Further clarity needed on in-house asset exclusion
The language used in the ATO’s draft determination for the in-house asset exclusion for SMSFs providing rent referrals could be clearer regarding the scope of the exclusion, says an industry law firm.
Earlier this month, the ATO released draft legislative instrument intended to protect SMSF trustees from adverse compliance problems under the in-house asset rules where, due to COVID-19, a rent deferral arrangement has been put in place for tenants in the 2019–20 and 2020–21 financial years.
The draft determination provides the following compliance relief in relation to the in-house asset rules and rent deferrals:
For the purposes of paragraph 71(1)(f) of the Superannuation Industry (Supervision) Act 1993, where during the 2019–20 or 2020–21 financial years the fund:
(a) allows a related-party tenant a deferral of rental income under a lease (on arm’s length terms) due to the financial impacts of the coronavirus known as COVID-19, or
(b) holds an interest in a related party which is exempt from being an in-house asset due to the operation of regulation 13.22B or regulation 13.22C of the Superannuation Industry (Supervision) Regulations 1994, and that related party allows a tenant a deferral of rental income under a lease (on arm’s length terms) due to the financial impacts of the coronavirus known as COVID-19,
the resulting asset is not an in-house asset of the fund.
However, DBA Lawyers senior associate William Fettes said the draft instrument poses some questions that may need further clarification by the ATO in relation to the scope of the exclusion.
Mr Fettes explained that paragraph (b) of the determination refers to reg 13.22C which sets out the conditions that must be satisfied by companies and unit trusts at the time the shares or units are initially acquired by the SMSF.
“However, it not does not expressly cover reg 13.22D which sets out the triggering events which will, subsequent to the original investment, cause shares in a non-geared company or units in a non-geared unit trust to become in-house assets,” he said.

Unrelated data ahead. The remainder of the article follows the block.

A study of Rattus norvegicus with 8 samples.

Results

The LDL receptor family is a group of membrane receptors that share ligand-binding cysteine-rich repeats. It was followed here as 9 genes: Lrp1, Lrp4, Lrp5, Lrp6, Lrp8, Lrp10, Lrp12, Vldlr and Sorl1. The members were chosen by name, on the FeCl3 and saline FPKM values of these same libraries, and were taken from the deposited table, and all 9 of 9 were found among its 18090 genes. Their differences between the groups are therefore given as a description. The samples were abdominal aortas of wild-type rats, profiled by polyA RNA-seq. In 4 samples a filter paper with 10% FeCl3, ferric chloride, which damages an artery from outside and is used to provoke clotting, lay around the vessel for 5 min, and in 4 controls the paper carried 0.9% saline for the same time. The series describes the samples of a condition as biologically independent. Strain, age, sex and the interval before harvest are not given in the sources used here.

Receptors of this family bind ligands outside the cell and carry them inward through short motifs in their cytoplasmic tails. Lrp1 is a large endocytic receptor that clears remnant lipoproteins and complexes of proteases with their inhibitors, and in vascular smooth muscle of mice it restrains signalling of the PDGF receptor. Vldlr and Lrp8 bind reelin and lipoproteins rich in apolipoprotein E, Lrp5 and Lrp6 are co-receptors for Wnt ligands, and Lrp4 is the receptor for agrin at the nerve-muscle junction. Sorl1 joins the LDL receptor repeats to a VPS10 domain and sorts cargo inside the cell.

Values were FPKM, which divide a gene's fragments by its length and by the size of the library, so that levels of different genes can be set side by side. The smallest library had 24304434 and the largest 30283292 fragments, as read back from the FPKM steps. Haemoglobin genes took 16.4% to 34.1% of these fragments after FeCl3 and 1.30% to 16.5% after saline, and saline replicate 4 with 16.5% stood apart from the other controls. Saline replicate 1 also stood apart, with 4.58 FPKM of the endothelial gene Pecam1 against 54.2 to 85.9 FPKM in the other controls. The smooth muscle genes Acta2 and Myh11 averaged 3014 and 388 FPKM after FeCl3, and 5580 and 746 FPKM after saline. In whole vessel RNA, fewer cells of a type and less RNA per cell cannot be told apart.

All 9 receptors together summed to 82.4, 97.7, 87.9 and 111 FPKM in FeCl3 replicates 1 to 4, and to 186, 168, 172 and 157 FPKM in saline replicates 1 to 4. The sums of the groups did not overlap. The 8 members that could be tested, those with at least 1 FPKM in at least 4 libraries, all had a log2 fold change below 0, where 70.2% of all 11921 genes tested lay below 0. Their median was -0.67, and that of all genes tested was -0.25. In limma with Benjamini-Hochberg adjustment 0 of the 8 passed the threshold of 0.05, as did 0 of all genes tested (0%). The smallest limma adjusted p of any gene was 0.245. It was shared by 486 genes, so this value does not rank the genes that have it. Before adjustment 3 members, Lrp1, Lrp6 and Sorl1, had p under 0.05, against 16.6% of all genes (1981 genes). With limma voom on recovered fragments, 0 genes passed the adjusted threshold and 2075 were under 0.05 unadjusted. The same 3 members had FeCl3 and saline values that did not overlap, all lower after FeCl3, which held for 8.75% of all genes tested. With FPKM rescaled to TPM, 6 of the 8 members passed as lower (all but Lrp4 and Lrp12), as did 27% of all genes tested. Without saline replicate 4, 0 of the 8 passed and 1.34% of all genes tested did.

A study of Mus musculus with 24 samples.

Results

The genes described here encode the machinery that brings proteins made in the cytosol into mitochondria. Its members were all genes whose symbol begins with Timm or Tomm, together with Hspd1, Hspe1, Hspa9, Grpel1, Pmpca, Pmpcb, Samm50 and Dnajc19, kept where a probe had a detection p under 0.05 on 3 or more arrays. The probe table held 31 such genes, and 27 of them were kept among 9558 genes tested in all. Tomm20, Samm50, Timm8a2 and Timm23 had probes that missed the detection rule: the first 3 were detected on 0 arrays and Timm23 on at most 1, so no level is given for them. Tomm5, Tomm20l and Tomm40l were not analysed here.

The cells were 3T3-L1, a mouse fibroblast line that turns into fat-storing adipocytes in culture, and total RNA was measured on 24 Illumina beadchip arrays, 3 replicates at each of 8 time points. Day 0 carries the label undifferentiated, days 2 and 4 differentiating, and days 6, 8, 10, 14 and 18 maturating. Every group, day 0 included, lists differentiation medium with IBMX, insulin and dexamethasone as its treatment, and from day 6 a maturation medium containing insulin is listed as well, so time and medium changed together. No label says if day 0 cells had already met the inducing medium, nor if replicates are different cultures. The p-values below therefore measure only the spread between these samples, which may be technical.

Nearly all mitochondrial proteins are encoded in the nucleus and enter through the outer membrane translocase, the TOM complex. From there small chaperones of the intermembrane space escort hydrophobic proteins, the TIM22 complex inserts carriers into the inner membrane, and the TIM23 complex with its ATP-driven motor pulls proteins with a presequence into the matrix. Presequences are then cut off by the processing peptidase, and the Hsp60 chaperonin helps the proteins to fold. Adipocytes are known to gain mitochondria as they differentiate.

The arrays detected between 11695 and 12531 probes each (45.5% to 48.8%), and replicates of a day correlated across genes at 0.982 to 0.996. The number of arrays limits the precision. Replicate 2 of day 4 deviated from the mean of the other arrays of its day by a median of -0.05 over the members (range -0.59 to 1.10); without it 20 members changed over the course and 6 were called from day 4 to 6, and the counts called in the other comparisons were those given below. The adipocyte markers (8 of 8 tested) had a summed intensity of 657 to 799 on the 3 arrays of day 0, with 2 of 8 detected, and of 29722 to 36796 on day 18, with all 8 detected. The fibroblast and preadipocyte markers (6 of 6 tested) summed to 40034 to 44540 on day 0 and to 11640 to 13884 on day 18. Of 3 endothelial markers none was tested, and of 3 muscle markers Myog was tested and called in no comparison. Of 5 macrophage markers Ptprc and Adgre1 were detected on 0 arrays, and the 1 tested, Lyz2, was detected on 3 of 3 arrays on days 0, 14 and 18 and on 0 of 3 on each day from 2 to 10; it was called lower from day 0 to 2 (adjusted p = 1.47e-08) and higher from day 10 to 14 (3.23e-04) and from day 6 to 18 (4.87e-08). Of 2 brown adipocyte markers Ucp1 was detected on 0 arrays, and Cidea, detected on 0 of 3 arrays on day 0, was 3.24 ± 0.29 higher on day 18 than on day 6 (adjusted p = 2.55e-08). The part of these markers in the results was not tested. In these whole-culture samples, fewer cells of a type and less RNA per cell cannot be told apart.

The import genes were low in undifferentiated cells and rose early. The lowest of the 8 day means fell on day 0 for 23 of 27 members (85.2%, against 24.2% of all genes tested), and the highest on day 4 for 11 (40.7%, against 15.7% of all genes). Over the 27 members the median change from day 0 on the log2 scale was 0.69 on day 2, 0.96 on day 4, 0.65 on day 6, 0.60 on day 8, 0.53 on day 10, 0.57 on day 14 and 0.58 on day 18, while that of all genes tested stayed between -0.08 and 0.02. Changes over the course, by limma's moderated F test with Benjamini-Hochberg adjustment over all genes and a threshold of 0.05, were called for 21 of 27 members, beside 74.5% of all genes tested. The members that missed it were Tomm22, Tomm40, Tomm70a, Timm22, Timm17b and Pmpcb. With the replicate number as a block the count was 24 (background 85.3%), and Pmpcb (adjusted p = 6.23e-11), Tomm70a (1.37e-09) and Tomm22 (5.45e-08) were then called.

The determination, he said, does not expressly state that shares in a company or units in a unit trust covered by the exclusion will continue to enjoy this exclusion indefinitely, assuming no other triggering events have occurred aside from the rent deferral.
“This is an important point in light of the ATO view set out in SMSFD 2008/1 that triggering a condition in reg 13.22D of the SISR will mean the exclusion under s 71(1)(j) of the SISA can never again operate for the SMSF even if the circumstance that caused the event to happen no longer exists,” he said.
Mr Fettes acknowledged that the ATO has provided reasonably clear guidance on these issues and their overall compliance approach in non-binding channels, such as the “COVID-19 – frequently asked questions” webpage, and in the latest addendum to the auditor contravention report instructions for SMSF auditors.
In the addendum to the auditor contravention report instructions, the ATO states that in relation to rent deferrals provided by division 13.3A entities, “it will not treat the investment in the interposed entity as an in-house asset in current and future financial years as a result of a deferral of rent being provided to the tenant due to the financial effects of COVID-19”.
“This means we won’t take compliance action against the breach in the current and future financial years,” the ATO states.
“This means you do not need to report an in-house asset contravention for current and future financial years providing the above three requirements are met — that is, if the rental relief is on commercial terms, is due to the impacts of COVID-19 and is adequately documented.”
However, on the basis of the current language in the draft determination, Mr Fettes said the position of SMSF trustees and auditors is not adequately clear.
“Indeed, auditors may be obliged to report in-house assets concerns in relation to SMSFs with investments in div 13.3A entities that have provided a rent deferral for future financial years,” he said.
Miranda Brownlee is the deputy editor of SMSF Adviser, which is the leading source of news, strategy and educational content for professionals working in the SMSF sector.
Since joining the team in 2014, Miranda has been responsible for breaking some of the biggest superannuation stories in Australia, and has reported extensively on technical strategy and legislative updates. Miranda has also directed SMSF Adviser's print publication for several years.
Miranda also has broad business and financial services reporting experience, having written for titles including Investor Daily, ifa and Accountants Daily.